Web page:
Most people tend to underestimate or misunderstand energy savings – according to the latest research that is. We tend to focus on insignificant savings such as upgrading light bulbs and twiddling thermostats. Most people grasp the broad and basic issues about energy savings; but they are decidedly unsure about the details, especially when estimating. Apparently participants in the research underestimated both energy use and savings by almost a factor of 3. They also tended to grossly underestimate the massive energy savings that could come from tweaking larger machines such as heaters and clothes dryers. Most people tend to focus on small savings such as switching off lights and ignored (as a typical example) the greater savings from switching their washing machines from hot to warm settings which saves 4kWh for each load of laundry.
It would appear that human psychology causes us to adopt a familiar yardstick (such as the familiar electric light bulb) and then to use this as a benchmark to make predictions. The estimates of savings then tend to cluster around this yard stick (psychologists call this process ‘anchoring’). As a result we tend to grossly underestimate the savings that could be made. Naturally, if the average person used a larger yardstick (beyond the light bulb) the problem may be less pervasive. And if we are good at maths (or arithmetic), we are likely to have a considerably lower level of error.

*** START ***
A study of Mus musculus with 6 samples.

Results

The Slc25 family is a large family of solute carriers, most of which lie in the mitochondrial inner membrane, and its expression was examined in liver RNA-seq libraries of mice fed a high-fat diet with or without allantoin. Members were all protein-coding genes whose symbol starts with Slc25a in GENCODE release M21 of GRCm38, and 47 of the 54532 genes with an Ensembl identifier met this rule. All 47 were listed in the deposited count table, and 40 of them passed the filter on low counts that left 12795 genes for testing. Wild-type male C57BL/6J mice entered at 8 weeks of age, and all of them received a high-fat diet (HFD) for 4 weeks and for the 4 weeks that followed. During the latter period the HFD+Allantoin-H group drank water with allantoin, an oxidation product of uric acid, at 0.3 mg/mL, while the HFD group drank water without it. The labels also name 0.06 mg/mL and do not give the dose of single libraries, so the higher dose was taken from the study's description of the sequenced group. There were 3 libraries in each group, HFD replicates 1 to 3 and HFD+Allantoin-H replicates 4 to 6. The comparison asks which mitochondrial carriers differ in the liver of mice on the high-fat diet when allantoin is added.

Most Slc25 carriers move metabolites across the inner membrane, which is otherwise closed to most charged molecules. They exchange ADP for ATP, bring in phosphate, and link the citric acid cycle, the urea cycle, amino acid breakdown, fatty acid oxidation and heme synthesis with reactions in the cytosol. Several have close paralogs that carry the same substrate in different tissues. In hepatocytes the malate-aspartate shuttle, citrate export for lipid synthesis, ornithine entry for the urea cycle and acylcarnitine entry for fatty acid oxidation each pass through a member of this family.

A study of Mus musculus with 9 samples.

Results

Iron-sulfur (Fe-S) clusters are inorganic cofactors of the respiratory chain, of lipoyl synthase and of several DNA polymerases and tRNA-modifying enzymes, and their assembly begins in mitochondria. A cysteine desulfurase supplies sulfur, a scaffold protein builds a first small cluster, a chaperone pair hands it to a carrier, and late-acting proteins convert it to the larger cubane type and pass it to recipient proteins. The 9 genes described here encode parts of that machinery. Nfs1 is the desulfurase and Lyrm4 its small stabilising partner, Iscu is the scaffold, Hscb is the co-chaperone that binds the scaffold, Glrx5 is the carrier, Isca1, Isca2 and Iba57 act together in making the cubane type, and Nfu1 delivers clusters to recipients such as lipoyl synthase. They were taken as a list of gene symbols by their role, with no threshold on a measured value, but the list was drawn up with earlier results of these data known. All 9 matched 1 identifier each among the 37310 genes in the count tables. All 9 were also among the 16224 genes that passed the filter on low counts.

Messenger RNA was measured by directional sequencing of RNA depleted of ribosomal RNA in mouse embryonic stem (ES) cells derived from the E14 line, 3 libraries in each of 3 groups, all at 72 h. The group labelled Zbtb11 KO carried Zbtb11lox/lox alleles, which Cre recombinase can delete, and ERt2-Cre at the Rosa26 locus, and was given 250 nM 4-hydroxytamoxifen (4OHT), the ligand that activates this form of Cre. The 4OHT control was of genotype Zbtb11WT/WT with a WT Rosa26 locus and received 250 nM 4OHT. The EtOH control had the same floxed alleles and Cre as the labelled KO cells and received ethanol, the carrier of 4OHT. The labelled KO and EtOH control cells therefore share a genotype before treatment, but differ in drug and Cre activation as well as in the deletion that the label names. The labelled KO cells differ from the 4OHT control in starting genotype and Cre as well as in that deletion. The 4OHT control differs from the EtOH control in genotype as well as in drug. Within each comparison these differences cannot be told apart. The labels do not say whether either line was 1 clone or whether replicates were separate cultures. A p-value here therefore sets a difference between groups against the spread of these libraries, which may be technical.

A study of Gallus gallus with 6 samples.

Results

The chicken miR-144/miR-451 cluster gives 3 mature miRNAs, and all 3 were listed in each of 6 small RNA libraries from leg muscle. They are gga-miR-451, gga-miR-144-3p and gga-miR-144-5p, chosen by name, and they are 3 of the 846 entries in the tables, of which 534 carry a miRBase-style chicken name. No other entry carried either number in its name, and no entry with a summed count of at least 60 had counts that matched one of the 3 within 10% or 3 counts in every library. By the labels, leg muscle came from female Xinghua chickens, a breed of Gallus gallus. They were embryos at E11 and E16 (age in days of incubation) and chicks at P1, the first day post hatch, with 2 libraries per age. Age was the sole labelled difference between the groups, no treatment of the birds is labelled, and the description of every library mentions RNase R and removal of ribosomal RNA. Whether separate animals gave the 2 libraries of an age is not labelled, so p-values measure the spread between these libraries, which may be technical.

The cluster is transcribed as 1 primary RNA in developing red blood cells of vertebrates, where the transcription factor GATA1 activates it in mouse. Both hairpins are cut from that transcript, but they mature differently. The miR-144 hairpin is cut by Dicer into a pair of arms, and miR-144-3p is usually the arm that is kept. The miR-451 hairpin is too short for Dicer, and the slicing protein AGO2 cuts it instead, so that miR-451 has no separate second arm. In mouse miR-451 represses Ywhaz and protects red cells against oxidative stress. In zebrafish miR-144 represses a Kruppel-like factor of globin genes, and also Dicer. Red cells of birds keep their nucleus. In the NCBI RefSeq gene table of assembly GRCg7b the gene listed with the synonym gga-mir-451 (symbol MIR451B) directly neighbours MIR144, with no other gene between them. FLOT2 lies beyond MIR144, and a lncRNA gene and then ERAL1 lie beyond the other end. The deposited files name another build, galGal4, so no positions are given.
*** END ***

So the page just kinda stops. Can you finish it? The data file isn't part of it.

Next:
Based on this, there is probably a case for idiot proof energy saving devices that indicate exactly how much energy we consume.
What can be done?
Thanks to the National Academy of Sciences (and the Economist) for an interesting piece of research.
Never overestimate what others do. As Cory Doctorow said “Engineers are all basically high-functioning autistics who have no idea how normal people do stuff.”